Nine companies have landed contracts under a new £240 million UK government procurement framework that aims to help the entire public sector with document digitalisation and data cleaning.
The Crown Commercial Service (CCS) described the framework to The Stack as “designed to support customers across all sectors of government through their short, medium and long term digital strategies.”
It comes as corners of the public sector still rely — for all the perennial “digital transformation” hype — on Ye Olde Fashioned paperwork; stymying hopes of drawing insight from pan-governmental data.
The contract award notice comes amid concerted government efforts to mine more government data and generally improve data quality: something central (per the graphic above) to the government’s nascent National Data Strategy.
ONS in December 2020 published the Government Data Quality Framework, which aims to help the public sector take a more structured approach to improving the quality of its data and urges data quality action plans across the public sector.
The document digitalisation framework spans four lots across “records information management, digital solutions and associated services.”
The CCS expects it to be tapped by “by Central Government Departments and all other UK Public Sector Bodies, including Local Authorities, Health, Police, Fire and Rescue, Education and Devolved Administrations.” (In short, everyone across the public sector).
The nine companies will be expected to support the public sector with extensive work scanning, digitalising, and data preparation services, as well as archiving and storage, the contract reveals.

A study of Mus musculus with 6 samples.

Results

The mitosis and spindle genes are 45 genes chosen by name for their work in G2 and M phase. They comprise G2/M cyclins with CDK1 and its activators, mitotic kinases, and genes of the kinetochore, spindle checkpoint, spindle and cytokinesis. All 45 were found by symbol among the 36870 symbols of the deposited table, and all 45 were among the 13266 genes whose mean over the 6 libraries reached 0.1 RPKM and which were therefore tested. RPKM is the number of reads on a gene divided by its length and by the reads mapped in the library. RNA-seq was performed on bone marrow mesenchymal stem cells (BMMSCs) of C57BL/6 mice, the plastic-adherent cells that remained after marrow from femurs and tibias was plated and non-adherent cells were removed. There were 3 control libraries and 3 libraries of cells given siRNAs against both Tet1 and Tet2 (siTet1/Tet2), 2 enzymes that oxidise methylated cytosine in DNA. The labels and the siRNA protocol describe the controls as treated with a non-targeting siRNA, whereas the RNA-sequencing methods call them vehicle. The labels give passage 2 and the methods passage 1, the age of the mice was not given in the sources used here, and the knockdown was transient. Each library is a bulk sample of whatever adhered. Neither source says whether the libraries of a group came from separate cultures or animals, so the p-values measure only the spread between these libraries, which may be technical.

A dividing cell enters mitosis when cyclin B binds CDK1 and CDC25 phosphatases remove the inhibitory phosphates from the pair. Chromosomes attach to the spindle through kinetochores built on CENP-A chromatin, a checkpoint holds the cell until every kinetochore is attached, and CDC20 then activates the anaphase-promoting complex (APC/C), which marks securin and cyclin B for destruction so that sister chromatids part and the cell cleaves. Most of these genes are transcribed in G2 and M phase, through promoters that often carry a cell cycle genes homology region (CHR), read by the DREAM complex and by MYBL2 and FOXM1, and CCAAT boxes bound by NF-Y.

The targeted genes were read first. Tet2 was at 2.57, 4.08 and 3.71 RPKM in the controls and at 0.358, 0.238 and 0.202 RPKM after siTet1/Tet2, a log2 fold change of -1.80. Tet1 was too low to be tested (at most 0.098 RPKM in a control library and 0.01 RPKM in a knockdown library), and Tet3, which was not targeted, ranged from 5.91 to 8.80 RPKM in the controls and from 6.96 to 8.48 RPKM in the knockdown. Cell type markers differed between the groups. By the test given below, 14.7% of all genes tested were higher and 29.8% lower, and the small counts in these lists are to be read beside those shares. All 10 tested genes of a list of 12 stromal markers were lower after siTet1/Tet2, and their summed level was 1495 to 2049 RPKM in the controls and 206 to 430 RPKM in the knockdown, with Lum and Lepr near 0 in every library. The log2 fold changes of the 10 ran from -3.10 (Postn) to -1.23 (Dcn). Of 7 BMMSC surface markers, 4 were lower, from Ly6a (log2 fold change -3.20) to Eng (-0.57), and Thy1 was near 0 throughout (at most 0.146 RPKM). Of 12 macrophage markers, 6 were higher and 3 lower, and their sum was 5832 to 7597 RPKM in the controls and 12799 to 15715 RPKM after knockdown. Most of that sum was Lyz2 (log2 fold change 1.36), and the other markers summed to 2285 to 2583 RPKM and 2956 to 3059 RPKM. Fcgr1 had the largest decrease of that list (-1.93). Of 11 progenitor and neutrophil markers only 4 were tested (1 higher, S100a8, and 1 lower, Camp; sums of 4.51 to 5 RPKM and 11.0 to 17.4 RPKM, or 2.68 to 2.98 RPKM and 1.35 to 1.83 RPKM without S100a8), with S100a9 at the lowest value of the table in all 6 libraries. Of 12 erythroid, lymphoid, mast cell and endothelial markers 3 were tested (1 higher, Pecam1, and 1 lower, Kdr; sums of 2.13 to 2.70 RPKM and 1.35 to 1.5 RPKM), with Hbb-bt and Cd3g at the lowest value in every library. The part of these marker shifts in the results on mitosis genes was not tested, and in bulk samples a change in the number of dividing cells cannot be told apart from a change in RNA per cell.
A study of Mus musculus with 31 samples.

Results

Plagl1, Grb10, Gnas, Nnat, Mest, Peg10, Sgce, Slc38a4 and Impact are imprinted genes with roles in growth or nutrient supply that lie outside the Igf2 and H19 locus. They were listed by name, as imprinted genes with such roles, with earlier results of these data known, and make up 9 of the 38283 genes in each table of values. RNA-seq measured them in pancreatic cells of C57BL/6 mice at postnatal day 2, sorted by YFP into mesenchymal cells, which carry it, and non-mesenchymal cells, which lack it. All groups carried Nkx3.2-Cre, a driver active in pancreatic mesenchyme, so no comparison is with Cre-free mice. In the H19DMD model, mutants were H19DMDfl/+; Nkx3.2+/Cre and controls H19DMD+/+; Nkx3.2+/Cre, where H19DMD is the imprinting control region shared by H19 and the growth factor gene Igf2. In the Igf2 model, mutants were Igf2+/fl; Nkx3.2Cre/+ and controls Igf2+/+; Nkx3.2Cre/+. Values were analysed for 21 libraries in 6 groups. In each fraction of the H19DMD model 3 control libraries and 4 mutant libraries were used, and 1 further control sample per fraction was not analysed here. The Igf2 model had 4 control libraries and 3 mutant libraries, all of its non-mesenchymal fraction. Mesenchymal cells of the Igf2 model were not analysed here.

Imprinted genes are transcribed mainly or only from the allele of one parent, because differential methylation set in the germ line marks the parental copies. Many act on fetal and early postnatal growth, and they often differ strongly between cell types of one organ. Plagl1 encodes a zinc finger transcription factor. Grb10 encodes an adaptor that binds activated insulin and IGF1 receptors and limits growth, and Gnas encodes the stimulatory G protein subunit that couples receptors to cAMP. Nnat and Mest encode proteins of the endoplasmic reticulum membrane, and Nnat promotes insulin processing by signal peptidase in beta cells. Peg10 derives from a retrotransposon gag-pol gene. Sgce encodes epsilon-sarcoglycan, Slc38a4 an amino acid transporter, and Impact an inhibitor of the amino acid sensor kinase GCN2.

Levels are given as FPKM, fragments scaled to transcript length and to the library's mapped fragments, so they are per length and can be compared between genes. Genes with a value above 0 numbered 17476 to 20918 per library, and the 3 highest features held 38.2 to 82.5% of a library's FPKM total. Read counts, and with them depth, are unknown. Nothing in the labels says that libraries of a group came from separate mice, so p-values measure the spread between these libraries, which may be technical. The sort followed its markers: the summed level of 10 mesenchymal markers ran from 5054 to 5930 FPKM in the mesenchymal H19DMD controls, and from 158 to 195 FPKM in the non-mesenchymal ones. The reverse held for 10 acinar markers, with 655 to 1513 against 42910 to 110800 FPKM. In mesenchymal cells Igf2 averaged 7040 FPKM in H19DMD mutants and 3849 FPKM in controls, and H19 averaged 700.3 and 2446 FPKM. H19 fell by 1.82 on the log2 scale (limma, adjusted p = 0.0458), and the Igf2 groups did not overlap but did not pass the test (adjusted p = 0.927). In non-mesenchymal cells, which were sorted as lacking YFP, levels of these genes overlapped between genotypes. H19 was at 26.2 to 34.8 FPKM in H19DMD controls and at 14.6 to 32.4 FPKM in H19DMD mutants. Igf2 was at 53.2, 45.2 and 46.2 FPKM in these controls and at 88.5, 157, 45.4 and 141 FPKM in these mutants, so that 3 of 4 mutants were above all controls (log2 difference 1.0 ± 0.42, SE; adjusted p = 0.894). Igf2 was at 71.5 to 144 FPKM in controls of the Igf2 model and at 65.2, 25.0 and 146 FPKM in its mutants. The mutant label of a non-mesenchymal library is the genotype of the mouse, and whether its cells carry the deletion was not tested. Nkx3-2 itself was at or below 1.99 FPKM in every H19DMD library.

Compass Minerals Storage & Archives Limited, trading as ‘DeepStore’; Crown Records Management Limited; Offsite Archive Storage & Integrated Services (UK) Ltd; Restore Plc; Cleardata UK Ltd; Communisis UK; Insight Direct (UK) Ltd; Iron Mountain UK plc; and Xerox UK LTD have all successfully won contracts, filings reveal.
The government’s response to the consultation on its National Data Strategy was published in May 2021. It emphasises that HMG will “continue to take forward… actions to improve data quality, access and availability across government, prioritising the use of Digital Economy Act (2017) powers and work to overcome real and perceived barriers to data sharing, including the work of the Data Standards Authority on standards to support data access, and on a future cross-government Integrated Data Programme for data sharing and joined up analysis, led by ONS as lead delivery partner.”
A new Central Digital and Data Office (CDDO), has already begun work on many of the areas identified as priorities by respondents to the National Data Strategy, the May 2021 response notes, such as the publication of metadata standards in August 2020, as well as working in partnership with ONS on guidance for publishing reference data.